Creating a Course of Life Is My Livelihood
“Livelihood” is a word I’ve heard all my life. I looked at the origin of the word and found livelihood is an alteration of Middle English – livelode, or “course of life.” How did my course of life end up in the arts? When thinking about this my mind goes to memory fragments from my very early childhood. These fragments include comprehending icicles for the first time, watching my dad build a dirt track stock car, making toy biplanes out of pencil stubs and writing paper, and seeing the weatherman on WMT-TV draw weather symbols on a map of the United States.
Of course as a child these things are felt more than understood. It was only as an adult that the meaning of these memory fragments became clear. The icicles meant that time can change the makeup of things. My dad building a stock car meant that seemingly unchangeable things, like a car could be changed. The bi-planes told me that objects could be re-purposed for my own needs. And the weatherman showed me that abstract marks could have “real” meanings.
My art classes back in the sixties were comprised of activities such as making wallets from leather craft kits, papier-mâché animals and copper foil rubbings. What I now would consider primary art making lessons came from experiences outside of art classes.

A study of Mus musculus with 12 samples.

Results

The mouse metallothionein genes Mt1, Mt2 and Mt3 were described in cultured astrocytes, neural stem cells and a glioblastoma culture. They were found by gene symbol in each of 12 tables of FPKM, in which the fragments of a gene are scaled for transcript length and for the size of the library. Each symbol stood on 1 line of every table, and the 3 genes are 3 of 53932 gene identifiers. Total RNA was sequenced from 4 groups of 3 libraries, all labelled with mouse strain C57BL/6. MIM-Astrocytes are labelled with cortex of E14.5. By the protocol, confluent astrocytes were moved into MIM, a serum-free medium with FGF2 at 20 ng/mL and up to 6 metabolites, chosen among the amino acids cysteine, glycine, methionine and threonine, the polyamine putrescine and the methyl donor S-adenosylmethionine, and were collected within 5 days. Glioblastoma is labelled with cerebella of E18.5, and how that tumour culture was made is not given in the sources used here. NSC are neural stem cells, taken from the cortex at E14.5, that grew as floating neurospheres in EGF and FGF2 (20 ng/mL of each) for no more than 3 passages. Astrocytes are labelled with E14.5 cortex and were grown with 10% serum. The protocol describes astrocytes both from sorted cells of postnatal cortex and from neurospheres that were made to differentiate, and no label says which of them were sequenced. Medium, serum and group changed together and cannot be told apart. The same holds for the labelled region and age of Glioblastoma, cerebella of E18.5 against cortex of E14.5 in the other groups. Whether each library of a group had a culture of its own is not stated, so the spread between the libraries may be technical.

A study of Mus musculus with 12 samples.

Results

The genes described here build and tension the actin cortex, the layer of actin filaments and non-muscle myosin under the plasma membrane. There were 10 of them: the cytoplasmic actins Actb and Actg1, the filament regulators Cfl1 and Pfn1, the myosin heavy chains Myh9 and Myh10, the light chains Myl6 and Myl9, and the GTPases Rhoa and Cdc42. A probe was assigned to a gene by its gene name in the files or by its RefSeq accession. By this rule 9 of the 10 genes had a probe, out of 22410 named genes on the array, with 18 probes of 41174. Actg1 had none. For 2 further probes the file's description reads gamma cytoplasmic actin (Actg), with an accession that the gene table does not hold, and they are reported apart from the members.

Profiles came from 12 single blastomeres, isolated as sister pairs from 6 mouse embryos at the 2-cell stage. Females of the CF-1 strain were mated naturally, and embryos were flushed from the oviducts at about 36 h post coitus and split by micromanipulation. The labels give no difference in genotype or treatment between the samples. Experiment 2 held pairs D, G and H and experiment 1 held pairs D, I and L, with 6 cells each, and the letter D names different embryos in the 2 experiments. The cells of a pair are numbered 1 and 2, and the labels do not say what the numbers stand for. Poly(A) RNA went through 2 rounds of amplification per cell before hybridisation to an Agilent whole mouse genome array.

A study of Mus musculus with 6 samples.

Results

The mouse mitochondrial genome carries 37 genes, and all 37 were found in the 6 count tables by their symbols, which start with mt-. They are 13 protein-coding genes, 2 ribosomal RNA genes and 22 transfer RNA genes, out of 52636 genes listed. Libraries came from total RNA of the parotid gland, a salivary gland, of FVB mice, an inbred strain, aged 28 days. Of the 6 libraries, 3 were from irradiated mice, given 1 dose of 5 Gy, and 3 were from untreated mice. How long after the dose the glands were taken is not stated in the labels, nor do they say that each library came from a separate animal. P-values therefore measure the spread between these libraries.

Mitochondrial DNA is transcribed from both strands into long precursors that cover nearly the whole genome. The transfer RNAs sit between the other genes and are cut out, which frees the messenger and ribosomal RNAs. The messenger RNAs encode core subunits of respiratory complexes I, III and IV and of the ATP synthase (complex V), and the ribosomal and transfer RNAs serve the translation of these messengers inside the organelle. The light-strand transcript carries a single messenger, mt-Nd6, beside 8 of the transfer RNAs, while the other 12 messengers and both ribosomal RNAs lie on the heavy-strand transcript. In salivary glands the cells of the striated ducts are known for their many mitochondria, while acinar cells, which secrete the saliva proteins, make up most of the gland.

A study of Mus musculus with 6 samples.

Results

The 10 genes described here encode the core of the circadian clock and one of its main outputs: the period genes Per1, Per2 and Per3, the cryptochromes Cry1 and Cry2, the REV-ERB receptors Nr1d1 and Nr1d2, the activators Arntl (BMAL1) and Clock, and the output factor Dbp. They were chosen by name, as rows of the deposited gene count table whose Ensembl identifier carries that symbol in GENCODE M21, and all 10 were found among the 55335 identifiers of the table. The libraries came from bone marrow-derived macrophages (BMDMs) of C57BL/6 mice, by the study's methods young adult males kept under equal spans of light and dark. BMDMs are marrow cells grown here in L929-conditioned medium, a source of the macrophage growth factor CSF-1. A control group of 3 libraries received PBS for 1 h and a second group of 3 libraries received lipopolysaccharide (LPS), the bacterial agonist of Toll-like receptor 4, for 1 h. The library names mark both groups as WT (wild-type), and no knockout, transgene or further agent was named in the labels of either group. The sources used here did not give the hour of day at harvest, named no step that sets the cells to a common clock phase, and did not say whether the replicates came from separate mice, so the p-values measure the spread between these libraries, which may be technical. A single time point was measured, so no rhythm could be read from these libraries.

I would make birthday cards for relatives, build forts and draw imaginary battles with friends. These drawings would become elaborate narrative battlefield art pieces not unlike the Bayeux Tapestry’s depiction of the Battle of Hastings. Art could tell stories and enrich moments in the lives of others.
Looking back on this course of life the reasons for becoming an artist did not come from practicing to be an artist. Rather being an artist has come from the practices of being curious, observant, giving, receiving, and play.
Russ Nordman was born in Charles City, Iowa in 1960. He received his M.F.A. from the University of Iowa in 1991. Since 2002 Russ Nordman has been an Associate Professor of Intermedia and Digital Art at the University of Nebraska-Omaha. In his work he transforms observations of the ordinary and the everyday into contemplative and imaginary artworks that explore the human experience. His work has been exhibited across the globe, including the California Museum of Photography, the Des Moines Art Center, and the Bemis Center for Contemporary Arts.